Our annual Quality of Living Index compares the UK’s 12 largest cities in terms of factors such as:
-House price growth
-The cost of renting
-General life satisfaction
For 2014 Welsh capital, Cardiff came out on top, knocking Bristol off its perch from last year and beating off the likes of London and Edinburgh.
|2014 Rank (2013) |
|UK 12 largest cities |
|1 (3) |
|2 (8) |
|3 (12) |
|4 (7) |
|5 (1) |
|6 (5) |
|7 (2) |
|8 (6) |
|9 (11) |
|10 (9) |
|11 (4) |
|12 (10) |
While it was ‘ardderchog’ (excellent) news for the Welsh, the picture in the midlands was less rosy.
Birmingham came last on our list this year, suffering the highest unemployment rates and the second-lowest score for life satisfaction.
Winners and losers
Of the 12 cities surveyed (listed in the table), the average cost of living was lowest in Cardiff, ringing in at £359 a week.
The Welsh capital also had one of the lowest unemployment rates at 8.1% and recorded the second-highest growth in disposable income (3.7%) when compared to last year’s survey, in which it placed third overall.
Bristolians, on the other hand, whose city took top spot last year, felt the squeeze worse than any other city. The cost of living there rose to £430 a week – significantly above the survey’s average of £391. And unsurprisingly, Bristol also saw a fall in disposable income from 3.3% in 2013, to 2.8% this year.
Did you know? House prices in London are almost 26% higher than they were this time last year!
Belfast and Bradford were the biggest improvers on last year when it comes to quality of living. Belfast now takes second place (up from 8th last year) while Bradford has climbed up to third place from the bottom spot of 12th last year.
Did you know? Birmingham has the highest unemployment level (13.1%) of all 12 of the UK’s major cities…
A tale of 12 cities
MoneySuperMarket consumer finance expert, Dan Plant, says that while the economy is showing signs of recovery, some parts of the country are benefiting more than others.
“On a national level, the economy is performing well. Big contributors to that are growth in salary, disposable income and house prices, while unemployment has fallen. However, the precise story differs city by city.
“While some cities, like Cardiff, Belfast and Bradford, measure up well against many of the indicators, others are not feeling the benefit of the rising economic tide.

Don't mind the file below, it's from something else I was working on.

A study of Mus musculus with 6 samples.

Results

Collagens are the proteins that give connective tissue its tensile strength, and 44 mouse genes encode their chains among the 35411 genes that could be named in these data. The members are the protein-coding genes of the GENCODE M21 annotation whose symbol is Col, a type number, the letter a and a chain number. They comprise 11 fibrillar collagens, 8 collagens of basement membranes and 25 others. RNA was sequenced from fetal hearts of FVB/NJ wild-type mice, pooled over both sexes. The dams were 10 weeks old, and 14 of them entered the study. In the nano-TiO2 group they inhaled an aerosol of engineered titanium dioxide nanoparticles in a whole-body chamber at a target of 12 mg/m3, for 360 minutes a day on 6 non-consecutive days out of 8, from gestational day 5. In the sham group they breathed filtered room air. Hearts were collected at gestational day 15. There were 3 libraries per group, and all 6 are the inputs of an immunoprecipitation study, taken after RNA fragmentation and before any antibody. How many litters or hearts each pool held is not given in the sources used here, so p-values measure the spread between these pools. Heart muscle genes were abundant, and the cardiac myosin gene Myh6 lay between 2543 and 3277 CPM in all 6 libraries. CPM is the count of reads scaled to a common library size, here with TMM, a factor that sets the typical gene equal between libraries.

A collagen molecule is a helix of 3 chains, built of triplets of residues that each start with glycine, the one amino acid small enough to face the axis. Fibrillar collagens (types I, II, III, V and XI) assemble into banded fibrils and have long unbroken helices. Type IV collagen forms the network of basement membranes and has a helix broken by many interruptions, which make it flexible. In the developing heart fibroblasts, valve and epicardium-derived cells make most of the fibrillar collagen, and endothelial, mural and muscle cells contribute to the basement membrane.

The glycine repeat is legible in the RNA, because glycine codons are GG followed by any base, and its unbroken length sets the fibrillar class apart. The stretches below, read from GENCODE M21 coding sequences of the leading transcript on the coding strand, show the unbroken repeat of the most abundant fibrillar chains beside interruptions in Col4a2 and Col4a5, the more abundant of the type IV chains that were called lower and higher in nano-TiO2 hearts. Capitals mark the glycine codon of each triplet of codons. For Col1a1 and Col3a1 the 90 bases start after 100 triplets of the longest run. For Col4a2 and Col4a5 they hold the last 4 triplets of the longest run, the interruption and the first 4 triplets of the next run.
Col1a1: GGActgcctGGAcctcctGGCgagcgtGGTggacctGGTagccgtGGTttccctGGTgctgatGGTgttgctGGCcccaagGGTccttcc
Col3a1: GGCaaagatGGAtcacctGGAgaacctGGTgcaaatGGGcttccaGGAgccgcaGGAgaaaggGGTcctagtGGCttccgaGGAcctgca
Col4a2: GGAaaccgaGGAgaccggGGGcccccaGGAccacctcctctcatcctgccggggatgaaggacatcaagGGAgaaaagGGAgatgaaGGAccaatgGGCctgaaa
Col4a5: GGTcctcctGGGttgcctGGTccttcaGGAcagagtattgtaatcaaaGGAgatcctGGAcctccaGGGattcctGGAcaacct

“For instance, in Liverpool the unemployment rate increased, in Sheffield average salaries fell in real terms and, in Birmingham, the cost of renting increased by a huge 26% compared to an average 12% across all cities.
Dan Plant continued: “Residents of Cardiff are benefiting from lower unemployment levels, and a rise in disposable income growth over the last 12 months. However, as we have seen with Bristol, this position can change as a strong local economy can often lead to an increase in house prices and rental costs – resulting in a fall in disposable income growth.”
|Average rent prices per calendar month||House price changes/Property market activity||Salary||Unemployment rate||Cost of living (weekly exp.)||Life satisfaction||Disposable income growth|
|Average of 12 cities||£951||9.0%||£23,038||9.30%||£391||7.34||3.0%|
Did you know? Of the 12 cities, you’ll find the cheapest rent in Bradford at £490 a month…
The Scotland and Westminster question
With the Scottish independence referendum around the corner on September 18, the question of just how united the Kingdom actually is has been thrown into focus. And our Quality of Living Index shows that Scottish cities of Glasgow and Edinburgh have a very different economic picture to the rest of the UK.
Both cities have seen higher-than-average rent increases during 2014 (20% in Glasgow, 23% in Edinburgh) and slower house price growth (both recorded 5% growth, compared to the average of 9%).
London, meanwhile, continues to be a ‘bubble’ economy in its own right. Average house price growth far outstrips that of the rest of the country – rising by 26%, compared to the national average of 9%. As you’d expect, then, London also has highest average rent prices of all 12 cities – with a whopping average of £2,785 per month.
‘Struggling to make ends meet’
Dan Plant said: “Quality of living in the UK has suffered in recent years and, despite positive outlooks for the UK economy, many households are still struggling to make ends meet each month.
“This year’s report shows a clear divide still exists between increases in salaries and the rising cost of living. Rent price hikes and low disposable income growth are key factors here, and help explain why the top 12 cities have moved around the Quality of Life Index so much.”
He adds: “The position could change further with expected rises in Bank of England Base Rate which could impact disposable income levels, particularly in cities where the cost of housing is high such as London and Edinburgh.”